Last Updated: June 01, 2010.

 


Indoor Tanning Beds/Booths Increase Melanoma Risk

THURSDAY, May 27 (HealthDay News) -- Use of indoor tanning equipment substantially increases the risk of melanoma, with the highest risk found for people who use high-speed/intensity and high-pressure indoor tanning beds, according to a report published online May 26 in Cancer Epidemiology, Biomarkers & Prevention.


TUESDAY, May 25 (HealthDay News) -- Preteens with mild-to-moderate facial acne respond well to treatment with tretinoin microsphere gel (TMG) without serious adverse effects, according to a small study published online May 24 in Pediatrics.


THURSDAY, May 20 (HealthDay News) -- Stage III melanoma patients or their family members detect nearly half of first relapses -- substantially more than are detected by physicians or screening radiologic tests -- and routine physical exams beyond a certain time frame are likely to detect few first systemic relapses, according to a study in the May 20 Journal of Clinical Oncology.


THURSDAY, May 20 (HealthDay News) -- In the last decade, use of dermatoscopy in U.S. dermatology residency programs has increased significantly, and there has been a nonsignificant increase in the use of total body photography (TBP), with barriers to imaging use including logistics and insufficient training, according to research published in the May issue of the Journal of the American Academy of Dermatology.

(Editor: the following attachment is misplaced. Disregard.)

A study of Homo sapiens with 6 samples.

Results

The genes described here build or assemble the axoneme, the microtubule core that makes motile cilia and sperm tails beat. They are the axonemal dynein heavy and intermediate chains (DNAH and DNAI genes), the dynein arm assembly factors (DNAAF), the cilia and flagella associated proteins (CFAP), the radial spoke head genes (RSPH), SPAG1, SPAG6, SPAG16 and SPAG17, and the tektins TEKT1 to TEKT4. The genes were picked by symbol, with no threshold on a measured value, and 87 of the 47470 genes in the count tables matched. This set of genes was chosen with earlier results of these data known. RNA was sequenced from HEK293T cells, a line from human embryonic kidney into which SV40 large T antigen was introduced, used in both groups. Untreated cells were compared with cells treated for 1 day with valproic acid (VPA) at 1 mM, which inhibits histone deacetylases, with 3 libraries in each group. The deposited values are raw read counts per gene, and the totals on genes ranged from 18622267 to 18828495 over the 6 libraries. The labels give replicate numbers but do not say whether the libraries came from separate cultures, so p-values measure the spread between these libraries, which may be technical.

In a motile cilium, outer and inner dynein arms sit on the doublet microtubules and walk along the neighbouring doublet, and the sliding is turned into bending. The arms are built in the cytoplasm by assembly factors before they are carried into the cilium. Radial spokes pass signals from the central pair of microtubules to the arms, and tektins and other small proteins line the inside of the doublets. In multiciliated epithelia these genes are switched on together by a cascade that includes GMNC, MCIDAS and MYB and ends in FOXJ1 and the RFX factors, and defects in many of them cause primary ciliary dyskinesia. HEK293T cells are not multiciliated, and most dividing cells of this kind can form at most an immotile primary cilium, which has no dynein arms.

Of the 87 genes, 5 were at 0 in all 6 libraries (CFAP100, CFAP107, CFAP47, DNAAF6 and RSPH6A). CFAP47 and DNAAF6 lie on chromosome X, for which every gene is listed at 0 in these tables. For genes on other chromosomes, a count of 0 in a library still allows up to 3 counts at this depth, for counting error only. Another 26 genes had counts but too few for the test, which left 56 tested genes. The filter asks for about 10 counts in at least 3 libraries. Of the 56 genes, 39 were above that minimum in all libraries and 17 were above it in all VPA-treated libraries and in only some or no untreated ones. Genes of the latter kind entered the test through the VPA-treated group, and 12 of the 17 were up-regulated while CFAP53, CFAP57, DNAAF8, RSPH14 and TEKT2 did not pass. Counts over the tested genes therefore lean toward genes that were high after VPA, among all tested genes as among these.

WEDNESDAY, May 19 (HealthDay News) -- Corticosteroids used for the treatment of infantile hemangiomas are associated with reductions in lymphocyte cell numbers and changes in immune function, according to a study published online May 17 in Archives of Dermatology.


TUESDAY, May 18 (HealthDay News) -- The use of vitamin A analogues such as isotretinoin and acitretin, even at high doses, is not associated with an increased risk of fractures, according to a study published in the May issue of Archives of Dermatology.


MONDAY, May 17 (HealthDay News) -- Among women who tan indoors and exhibit seasonal affective disorder (SAD) symptoms or pathological tanning motives, an appearance-focused skin cancer prevention intervention may help reduce indoor tanning, according to a study published in the May issue of Archives of Dermatology.


FRIDAY, May 14 (HealthDay News) -- Though histopathologic analysis is still the gold standard for the pathologic diagnosis of melanoma, the discordance rate in routine histopathologic interpretation of melanocytic neoplasms can be high, according to research published in the May issue of the Journal of the American Academy of Dermatology.


FRIDAY, May 14 (HealthDay News) -- Treating psoriasis patients with adalimumab is associated with reduced depression and improved quality of life compared to placebo, according to research published in the May issue of the Journal of the American Academy of Dermatology.


THURSDAY, May 13 (HealthDay News) -- The U.S. Food and Drug Administration has alerted consumers regarding potentially serious side effects associated with mistakenly swallowing Benadryl Extra Strength Itch Stopping Gel, an over-the-counter (OTC) product intended only for topical use.


WEDNESDAY, May 12 (HealthDay News) -- The U.S. Food and Drug Administration has announced the launch of a new program to educate health care providers regarding their role in making certain that advertisements and promotions for prescription drugs are truthful and not misleading.